A rebound in economic growth and job gains over the next year, coupled with an expected retreat in oil prices and strong business spending in the second half of this year, is setting the stage for improvements in commercial real estate, according to the National Association of Realtors Commercial Real Estate Quarterly.
David Lereah, NAR’s chief economist, said there already is a strong flow of capital into commercial real estate. “This optimism by investors says more about the future of the commercial real estate sector than anything else,” he said. “The investment level shows they understand the value of portfolio diversification and the fundamental demand for commercial real estate that occur in a growing economy.”
More than $99 billion in commercial sales took place in 57 tracked metropolitan areas during the first eight months of 2004, up from $54.6 billion during the same period in 2003. This includes a 66 percent increase in the purchase of office buildings and a 40 percent rise in multifamily property transactions.
More than 45 percent of overall commercial spending this year has been on acquisition of investment grade office buildings. Private national and local investors accounted for 47 percent of transaction volume, publicly traded REITs represented just over a quarter of the total, and institutions made up 11 percent. Foreign investment totaled 7 percent of commercial transactions and private REITs 5 percent; other categories were less than 4 percent.
NAR President Walt McDonald, broker-owner of Walt McDonald Real Estate in Riverside, Calif., said declining vacancy rates are behind the optimism in commercial investment. “Commercial market vacancy rates have been steadily declining due to the growing demand for space,” he said.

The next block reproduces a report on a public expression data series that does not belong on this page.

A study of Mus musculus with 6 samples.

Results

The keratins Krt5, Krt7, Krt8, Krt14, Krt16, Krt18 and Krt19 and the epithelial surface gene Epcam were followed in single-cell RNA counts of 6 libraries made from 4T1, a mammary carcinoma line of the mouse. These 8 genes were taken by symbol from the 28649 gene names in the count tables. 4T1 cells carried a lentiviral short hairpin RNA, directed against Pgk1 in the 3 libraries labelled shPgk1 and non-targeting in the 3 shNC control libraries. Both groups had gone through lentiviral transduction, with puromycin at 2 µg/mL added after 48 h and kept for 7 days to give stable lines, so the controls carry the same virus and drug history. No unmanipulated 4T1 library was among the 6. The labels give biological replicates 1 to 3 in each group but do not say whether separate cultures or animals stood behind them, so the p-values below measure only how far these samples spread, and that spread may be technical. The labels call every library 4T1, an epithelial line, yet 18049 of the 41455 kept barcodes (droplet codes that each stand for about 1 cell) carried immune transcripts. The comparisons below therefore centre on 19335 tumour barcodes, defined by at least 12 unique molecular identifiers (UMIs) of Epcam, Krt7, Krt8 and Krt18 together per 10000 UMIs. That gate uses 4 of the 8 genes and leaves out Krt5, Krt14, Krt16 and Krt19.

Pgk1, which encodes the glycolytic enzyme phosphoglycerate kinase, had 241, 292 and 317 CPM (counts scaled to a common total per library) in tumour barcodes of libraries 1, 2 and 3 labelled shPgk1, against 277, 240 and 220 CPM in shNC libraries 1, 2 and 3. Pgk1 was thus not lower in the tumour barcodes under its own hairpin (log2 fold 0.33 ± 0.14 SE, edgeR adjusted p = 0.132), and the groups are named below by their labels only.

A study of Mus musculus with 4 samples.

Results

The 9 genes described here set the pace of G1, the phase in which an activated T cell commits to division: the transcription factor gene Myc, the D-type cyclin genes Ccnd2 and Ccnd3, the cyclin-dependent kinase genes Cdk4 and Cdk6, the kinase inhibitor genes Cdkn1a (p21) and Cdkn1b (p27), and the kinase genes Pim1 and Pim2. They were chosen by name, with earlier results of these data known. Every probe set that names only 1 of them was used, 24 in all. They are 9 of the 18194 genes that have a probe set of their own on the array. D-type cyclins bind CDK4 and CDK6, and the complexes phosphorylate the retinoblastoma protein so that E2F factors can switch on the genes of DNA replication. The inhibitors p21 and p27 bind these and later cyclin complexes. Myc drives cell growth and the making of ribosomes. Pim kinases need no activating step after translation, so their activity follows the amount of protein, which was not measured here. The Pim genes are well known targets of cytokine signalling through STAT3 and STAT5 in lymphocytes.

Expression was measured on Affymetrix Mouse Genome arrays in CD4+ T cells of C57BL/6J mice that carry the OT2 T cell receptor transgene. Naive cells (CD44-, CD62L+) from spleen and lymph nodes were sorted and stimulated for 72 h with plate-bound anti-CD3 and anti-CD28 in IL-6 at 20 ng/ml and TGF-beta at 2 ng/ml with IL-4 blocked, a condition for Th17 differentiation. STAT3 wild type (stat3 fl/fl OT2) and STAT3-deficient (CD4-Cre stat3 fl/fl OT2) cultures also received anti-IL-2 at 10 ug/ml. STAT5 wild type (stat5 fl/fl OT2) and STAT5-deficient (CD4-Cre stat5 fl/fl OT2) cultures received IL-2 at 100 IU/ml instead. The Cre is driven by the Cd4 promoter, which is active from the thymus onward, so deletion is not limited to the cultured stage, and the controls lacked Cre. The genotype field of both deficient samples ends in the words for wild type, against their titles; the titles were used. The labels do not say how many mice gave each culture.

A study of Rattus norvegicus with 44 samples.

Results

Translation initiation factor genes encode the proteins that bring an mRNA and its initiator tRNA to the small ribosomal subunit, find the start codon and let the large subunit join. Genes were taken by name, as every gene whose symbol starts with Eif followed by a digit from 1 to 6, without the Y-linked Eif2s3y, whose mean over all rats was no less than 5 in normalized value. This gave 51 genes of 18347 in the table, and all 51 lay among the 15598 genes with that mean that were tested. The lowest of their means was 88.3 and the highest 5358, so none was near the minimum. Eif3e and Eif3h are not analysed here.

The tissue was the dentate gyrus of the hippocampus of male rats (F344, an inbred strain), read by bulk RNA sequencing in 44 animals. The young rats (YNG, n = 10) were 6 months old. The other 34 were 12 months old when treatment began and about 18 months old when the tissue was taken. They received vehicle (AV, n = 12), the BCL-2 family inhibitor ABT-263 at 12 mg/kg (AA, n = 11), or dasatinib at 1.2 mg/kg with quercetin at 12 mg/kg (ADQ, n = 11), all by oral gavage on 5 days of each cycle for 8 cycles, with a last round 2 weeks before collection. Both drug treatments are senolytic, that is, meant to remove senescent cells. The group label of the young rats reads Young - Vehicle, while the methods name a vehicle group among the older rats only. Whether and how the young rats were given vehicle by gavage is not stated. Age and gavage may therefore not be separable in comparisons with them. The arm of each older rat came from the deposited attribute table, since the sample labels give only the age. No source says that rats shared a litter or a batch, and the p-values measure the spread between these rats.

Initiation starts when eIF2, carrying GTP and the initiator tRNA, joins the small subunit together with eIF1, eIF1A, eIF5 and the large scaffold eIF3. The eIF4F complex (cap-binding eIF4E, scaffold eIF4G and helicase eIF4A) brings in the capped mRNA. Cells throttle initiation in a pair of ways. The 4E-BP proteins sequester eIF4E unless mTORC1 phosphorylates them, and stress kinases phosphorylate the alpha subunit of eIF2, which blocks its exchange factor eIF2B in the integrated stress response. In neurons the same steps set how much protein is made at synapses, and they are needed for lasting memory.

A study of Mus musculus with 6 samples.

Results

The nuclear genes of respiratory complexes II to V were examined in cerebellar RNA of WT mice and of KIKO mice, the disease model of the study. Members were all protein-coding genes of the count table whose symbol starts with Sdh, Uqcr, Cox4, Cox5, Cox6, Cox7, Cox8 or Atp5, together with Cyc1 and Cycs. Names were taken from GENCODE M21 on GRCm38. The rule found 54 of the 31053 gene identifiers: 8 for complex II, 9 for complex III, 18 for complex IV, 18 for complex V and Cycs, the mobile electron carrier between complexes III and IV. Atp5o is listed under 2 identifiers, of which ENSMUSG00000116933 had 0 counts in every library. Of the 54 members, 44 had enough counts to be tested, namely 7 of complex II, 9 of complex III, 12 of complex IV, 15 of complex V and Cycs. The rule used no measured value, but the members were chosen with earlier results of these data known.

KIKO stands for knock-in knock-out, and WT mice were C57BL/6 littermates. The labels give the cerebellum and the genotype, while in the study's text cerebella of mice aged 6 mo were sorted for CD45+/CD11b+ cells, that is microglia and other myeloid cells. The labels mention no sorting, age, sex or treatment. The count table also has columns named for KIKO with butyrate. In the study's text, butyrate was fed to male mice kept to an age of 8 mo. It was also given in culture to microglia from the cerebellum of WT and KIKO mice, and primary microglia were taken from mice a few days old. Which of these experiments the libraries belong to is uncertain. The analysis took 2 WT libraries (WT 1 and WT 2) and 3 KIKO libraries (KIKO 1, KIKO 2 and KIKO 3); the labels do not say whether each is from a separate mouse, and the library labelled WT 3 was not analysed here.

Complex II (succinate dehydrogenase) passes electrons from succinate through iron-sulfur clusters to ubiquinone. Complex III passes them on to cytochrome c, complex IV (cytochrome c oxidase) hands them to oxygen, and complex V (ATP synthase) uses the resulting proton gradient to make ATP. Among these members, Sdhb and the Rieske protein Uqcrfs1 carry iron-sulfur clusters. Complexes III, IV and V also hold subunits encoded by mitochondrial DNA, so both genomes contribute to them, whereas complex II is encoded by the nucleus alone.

“It looks like we’ll see an acceleration in the demand for space over the next year with declining vacancy rates in the office, industrial and multifamily sectors.”
The NAR analysis covers a wide range of statistics and market rankings for the major commercial sectors in the 57 markets tracked, including the office, retail, industrial and multifamily markets, as well as market sector forecasts. The report was produced with data provided by Torto Wheaton Research and Real Capital Analytics.
Office and industrial markets on the East and West Coasts are fairing the best. Office markets with low vacancy and high demand include Ventura and Riverside Counties in California, and in the East on Long Island and in New York City. On the industrial side, Los Angeles continues to dominate the market, while Washington, D.C., is strong in most categories and leads in retail rent growth.
Net absorption of office space, which includes leasing of new space coming on the market as well as space in existing properties, should total 45.3 million square feet this year, up from only 20 million in 2003. Vacancy rates in the 57 markets tracked are projected to decline 0.3 percentage points to 16.3 percent in 2004, and drop to 15 percent next year. Office rents are expected to rise 1.4 percent in 2004 and another 1.9 percent in 2005.
In the retail sector, net absorption is seen at 22.1 million square feet in 2004, compared with 11.8 million last year. The average vacancy rate for retail space in the 57 metro markets is projected to be fairly stable at 8.2 percent this year compared with 8.1 percent in 2003; vacancies are seen at 8.1 percent next year. Retail rents are forecast to rise 3.6 percent this year and another 4.2 percent in 2005.
The industrial market continues to be impacted by additions to inventory, especially through the build-to-suit process. Net absorption is projected at 97.4 million square feet this year, up from 16.5 million in 2003. Because a large volume of new space has come on the market, the national vacancy rate is expected to average 11.7 percent this year, close to the 11.6 percent rate in 2003, and then slip to 11.4 percent next year. Industrial rents should decline 1.3 percent in 2004 and essentially hold flat in 2005.
The apartment rental market – multifamily housing – is expected to see a net absorption of 260,000 units in the 57 markets tracked during 2004, compared with only 159,400 last year. The average vacancy rate is expected to be 6.2 percent this year, down from 6.4 percent in 2003, then eases to 6 percent next year. Average rent is forecast to rise 1.2 percent in 2004 and another 2.2 percent next year.
What’s your opinion? Send your Letter to the Editor to email@example.com.